How to Write: Concrete Poem
One of the more underrated forms of poetry, concrete poems, are also known as shape poems. Here’s an example of a concrete poem (you’ll see for yourself why it’s called that!.
To be clear, concrete poems are shaped in a meaningful way; the words of the poem are placed in order to form some kind of a pattern or image. Often, the image that the words depict represents the topic, symbolism, or theme of the poem itself. In this way, concrete poems are a great way to integrate the visual and literary aspects of poetry into a cohesive piece.
The cover for one of our books, At First Glance, is similar in many ways to a concrete poem. The talented cover designer made careful choices about both the image and the words to reflect the genre of the stories in the book: dystopic fiction.
Feeling inspired? Here are a few considerations to think about before—and while—you write your own concrete poem:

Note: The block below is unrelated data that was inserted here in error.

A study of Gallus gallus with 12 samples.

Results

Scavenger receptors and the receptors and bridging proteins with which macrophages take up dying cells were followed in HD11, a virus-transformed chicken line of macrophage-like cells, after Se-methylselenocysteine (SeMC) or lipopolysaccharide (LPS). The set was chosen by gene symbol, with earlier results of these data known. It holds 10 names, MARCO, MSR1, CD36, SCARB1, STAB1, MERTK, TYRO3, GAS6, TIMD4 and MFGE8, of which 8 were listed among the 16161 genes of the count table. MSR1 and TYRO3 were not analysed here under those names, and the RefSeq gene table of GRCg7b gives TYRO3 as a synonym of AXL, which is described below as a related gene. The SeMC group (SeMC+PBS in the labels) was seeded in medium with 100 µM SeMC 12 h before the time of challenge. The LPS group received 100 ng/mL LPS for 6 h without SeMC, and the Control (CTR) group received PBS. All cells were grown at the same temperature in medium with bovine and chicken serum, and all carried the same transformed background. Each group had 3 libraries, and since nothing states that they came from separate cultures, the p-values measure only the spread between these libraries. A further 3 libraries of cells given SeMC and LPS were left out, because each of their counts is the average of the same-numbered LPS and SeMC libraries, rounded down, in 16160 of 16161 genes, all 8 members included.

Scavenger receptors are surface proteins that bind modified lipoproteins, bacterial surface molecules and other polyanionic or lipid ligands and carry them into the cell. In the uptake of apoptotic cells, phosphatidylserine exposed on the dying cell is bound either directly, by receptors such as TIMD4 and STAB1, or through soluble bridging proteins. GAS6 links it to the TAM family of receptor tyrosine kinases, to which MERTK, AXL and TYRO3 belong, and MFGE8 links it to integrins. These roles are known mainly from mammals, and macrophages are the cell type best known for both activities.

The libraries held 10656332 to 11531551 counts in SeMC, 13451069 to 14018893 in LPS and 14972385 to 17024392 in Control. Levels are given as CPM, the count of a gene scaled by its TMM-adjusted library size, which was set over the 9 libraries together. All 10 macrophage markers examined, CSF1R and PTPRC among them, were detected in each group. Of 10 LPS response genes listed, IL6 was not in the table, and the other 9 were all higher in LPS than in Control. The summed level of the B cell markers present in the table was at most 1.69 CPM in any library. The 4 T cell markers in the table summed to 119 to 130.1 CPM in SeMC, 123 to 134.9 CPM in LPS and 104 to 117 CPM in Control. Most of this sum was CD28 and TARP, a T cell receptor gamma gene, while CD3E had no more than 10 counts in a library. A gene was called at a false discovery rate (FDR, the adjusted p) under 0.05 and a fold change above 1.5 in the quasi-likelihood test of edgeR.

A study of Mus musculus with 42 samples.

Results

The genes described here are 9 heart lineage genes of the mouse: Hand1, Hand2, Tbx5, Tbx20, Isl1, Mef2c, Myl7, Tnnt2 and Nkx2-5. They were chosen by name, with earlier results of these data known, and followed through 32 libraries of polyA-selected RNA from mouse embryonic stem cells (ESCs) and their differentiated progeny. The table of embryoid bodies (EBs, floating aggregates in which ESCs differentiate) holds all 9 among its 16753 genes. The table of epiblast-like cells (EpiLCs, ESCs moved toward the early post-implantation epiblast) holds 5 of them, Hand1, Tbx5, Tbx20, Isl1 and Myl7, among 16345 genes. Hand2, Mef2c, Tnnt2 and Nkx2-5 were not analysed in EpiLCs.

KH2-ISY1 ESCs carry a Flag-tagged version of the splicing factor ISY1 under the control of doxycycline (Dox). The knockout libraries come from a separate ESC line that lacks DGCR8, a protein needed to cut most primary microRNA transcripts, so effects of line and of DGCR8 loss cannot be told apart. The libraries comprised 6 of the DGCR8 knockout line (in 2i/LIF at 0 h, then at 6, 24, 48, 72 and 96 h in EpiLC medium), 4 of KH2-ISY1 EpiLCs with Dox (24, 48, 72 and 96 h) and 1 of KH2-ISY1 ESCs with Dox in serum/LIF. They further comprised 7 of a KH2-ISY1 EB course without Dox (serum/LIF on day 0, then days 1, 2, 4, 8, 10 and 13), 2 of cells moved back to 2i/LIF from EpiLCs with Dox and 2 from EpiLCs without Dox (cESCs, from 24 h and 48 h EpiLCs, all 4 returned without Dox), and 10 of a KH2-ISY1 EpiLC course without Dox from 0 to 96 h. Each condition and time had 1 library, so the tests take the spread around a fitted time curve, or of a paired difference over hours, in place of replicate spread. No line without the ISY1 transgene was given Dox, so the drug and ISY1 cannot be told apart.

- What is the topic of your poem?
- What words, ideas, images, stories or feelings do you associate with this topic?
- Will your poem be rhyming?
- What kind of emotional response are you trying to elicit from the reader? How does this influence your word choice and metre?
- How will your poem be shaped—that is, what will the image look like? How can the words and the image work together?
We suggest you choose a topic and experiment with different combinations of words and images. You may be surprised by what you create through this exercise of "variations on a theme" and by which variations you ultimately feel are most effective.